ED visits rise, along with their costs for everyone
Friday, April 12, 2019
Emergency department visits increased by nearly 10 million patients in 2016 compared to 2015 data, according to a recent report the from the Centers for Disease Control and Prevention (CDC). The total of 145.6 million visits is the highest number reported.
Even with the total number of visits increasing, patients who used the ED for regular care decreased. Per the report, the percentage of emergency patients with nonurgent medical symptoms dropped from 5.5% in 2015 to 4.3% in 2016.
Wait times also fell; about 40% of emergency department patients had wait times of less than 15 minutes and 72% waited less than an hour.
Stomach pain (12.5 million visits, 8.6%) and chest pain (7.5 million visits, 5.2%) top the list of the most common reasons patients seek emergency care. Injuries accounted for 42.2 million emergency visits (29%). The leading causes of injury were falls (10.5 million visits, 23 % of injury visits) and motor vehicle crashes (3.7 million visits, 8.1 % of total injury visits). Heart disease was the leading principal diagnosis group among the diseases that most commonly resulted in hospital admission from the emergency department.
"Emergency physicians are uniquely qualified to provide essential care that patients can't get anywhere else," said Vidor Friedman, MD, FACEP, president of the American College of Emergency Physicians, in a statement. "Nearly two-thirds of visits occur after business hours, when other doctors' offices are closed. Millions of patients rely on emergency physicians for rapid diagnosis and treatment of acute illness, while emergency departments are increasingly viewed as a hub for care and care transitions."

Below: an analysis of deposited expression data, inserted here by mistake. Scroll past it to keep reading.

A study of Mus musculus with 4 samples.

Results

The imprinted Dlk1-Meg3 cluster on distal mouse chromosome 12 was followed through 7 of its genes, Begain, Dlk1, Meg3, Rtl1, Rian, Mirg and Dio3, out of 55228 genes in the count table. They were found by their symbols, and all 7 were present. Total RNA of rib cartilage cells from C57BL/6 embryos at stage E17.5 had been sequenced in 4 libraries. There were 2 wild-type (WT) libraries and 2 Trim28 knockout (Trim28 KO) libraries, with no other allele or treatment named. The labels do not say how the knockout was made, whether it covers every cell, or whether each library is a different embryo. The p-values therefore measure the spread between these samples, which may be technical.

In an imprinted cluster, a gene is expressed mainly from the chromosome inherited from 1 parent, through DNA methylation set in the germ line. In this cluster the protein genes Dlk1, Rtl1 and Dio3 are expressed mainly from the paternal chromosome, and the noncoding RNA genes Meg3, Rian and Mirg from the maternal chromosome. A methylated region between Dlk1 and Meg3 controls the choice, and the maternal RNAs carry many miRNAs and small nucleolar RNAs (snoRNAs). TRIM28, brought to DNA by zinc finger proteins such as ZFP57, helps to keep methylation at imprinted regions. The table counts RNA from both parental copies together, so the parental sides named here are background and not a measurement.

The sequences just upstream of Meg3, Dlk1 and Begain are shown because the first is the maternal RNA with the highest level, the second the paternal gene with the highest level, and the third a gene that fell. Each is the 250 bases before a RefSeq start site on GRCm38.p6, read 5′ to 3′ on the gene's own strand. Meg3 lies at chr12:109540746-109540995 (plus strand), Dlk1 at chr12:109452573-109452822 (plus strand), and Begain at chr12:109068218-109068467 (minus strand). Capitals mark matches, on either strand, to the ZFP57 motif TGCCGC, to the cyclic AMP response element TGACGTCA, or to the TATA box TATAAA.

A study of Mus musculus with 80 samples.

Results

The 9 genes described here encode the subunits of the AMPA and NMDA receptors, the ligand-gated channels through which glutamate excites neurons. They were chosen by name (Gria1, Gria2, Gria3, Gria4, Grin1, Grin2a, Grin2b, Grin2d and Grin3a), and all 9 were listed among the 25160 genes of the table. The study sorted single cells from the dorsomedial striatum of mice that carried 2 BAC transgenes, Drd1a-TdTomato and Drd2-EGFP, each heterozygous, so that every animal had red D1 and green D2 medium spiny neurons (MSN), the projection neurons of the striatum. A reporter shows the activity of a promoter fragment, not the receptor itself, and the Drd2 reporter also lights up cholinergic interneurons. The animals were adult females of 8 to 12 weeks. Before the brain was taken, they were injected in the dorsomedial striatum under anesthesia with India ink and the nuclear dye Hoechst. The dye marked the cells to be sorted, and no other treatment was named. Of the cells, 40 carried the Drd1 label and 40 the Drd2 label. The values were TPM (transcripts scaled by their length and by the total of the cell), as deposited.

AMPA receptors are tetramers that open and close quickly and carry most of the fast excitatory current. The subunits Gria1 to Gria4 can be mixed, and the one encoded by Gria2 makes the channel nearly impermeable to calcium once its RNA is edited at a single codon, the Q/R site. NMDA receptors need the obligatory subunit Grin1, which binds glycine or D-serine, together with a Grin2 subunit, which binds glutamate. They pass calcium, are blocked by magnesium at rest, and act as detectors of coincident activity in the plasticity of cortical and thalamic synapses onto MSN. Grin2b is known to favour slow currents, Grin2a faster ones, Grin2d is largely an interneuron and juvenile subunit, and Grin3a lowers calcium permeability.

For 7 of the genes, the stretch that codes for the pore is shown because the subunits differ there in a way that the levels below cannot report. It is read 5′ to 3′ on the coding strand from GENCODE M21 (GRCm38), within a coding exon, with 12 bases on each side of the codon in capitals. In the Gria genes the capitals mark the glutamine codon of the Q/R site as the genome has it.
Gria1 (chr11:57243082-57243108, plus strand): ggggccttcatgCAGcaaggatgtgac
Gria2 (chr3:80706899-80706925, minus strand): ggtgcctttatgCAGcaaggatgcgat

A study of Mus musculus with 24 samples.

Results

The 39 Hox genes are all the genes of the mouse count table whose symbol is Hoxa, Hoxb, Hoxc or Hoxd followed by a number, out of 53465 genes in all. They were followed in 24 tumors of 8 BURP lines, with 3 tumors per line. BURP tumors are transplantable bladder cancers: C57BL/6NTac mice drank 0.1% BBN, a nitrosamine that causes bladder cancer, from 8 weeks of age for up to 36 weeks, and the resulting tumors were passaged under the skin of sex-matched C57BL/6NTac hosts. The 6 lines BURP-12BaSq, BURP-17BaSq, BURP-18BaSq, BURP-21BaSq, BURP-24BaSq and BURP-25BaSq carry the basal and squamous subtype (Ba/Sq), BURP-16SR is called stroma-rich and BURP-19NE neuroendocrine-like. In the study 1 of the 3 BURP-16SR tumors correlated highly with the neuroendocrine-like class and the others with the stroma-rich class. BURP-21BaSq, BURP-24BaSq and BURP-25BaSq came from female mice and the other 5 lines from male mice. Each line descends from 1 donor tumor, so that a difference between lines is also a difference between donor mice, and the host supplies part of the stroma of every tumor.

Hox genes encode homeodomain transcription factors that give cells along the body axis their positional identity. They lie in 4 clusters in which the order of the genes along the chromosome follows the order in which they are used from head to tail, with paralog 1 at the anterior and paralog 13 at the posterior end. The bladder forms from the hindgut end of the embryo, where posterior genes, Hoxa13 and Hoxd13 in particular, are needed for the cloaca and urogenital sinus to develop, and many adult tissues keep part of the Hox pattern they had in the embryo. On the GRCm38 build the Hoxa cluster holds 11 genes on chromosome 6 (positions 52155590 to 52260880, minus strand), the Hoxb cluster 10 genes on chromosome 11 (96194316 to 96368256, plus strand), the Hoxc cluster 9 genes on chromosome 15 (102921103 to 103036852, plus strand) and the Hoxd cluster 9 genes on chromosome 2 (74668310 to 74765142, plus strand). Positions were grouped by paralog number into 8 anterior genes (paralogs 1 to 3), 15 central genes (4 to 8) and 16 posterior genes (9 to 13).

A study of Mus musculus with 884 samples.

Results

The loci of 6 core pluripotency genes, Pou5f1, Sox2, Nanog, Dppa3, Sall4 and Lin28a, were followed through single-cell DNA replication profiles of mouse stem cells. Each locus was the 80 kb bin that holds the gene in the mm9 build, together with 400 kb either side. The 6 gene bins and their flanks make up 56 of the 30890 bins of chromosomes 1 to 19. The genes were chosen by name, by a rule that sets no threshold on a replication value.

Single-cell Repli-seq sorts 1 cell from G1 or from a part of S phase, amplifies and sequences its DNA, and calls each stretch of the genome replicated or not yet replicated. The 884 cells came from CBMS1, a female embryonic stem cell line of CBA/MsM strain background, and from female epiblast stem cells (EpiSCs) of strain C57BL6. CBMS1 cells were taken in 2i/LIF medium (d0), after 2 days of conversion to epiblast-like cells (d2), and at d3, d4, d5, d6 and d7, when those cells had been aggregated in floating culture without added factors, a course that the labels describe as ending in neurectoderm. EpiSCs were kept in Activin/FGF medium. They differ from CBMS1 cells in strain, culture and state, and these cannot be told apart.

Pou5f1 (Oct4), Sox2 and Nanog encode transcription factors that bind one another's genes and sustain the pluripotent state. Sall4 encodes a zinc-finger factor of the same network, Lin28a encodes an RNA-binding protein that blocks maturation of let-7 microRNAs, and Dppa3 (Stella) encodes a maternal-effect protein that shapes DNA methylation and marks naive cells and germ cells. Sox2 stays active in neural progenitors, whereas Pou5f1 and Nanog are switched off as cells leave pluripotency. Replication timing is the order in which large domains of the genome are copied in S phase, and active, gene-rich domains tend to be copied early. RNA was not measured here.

The report found that:
- Median time to see a physician or other provider decreased to 17 minutes. The median visit length is about 180 minutes, which includes time with the physician or other provider, or other clinical services.
- In 2016, 15.8% of patients arrived at the emergency department by ambulance, representing about 24 million ambulance transports.
- Hospital admission or transfer resulted from 17.4 million visits. A patient admitted to the hospital from the emergency department will stay in the hospital an average of 4.5 days.
- There were 2.2 million emergency visits by patients living in nursing homes, one-third of which resulted in hospital admission.
- More than 5.5 million patients visited the emergency department with a primary diagnosis of mental disorder. Of those, 2.4 million visits involved a mental health professional seeing a patient in the emergency department. Patient visits resulting in hospital admission for mental health issues reached more than 2.1 million, which is 5,930 patient visits every day.
- The number of homeless patients increased from 0.6% to 1% of total emergency visits.
- The most frequent source of payment was Medicaid or CHIP (37.7% of visits), followed by private insurance (31.8%), Medicare (21.6%) or no insurance (8.4%).
The 2016 National Hospital Ambulatory Medical Care Survey featured 450 hospitals that were selected for evaluation. Of these, 361 were in scope and had eligible emergency departments, of which 265 participated in the study. The response rate was about 73%.
The increasing number of visits is creating higher costs for everyone, especially when the patients don’t have health insurance. How? When someone goes to the ER without health insurance or refuses to pay their bill, that means higher prices for everyone — even if a person never uses the ER themselves. Of the total visits in 2015, about 30% of those cases could have been treated at an urgent care or by a family doctor.
In 2015, more than 13 million people were treated at the ER without insurance. Hospital can’t get money from the patient so the costs are passed onto everyone else. Services at the hospital become more expensive to cover costs even if someone never needs treatment there. The prices eventually catch up with everyone through their own insurance provider.
ER doctors do report, however, that they spend a lot of their time trying to direct patients to the appropriate course of care, not in the ER.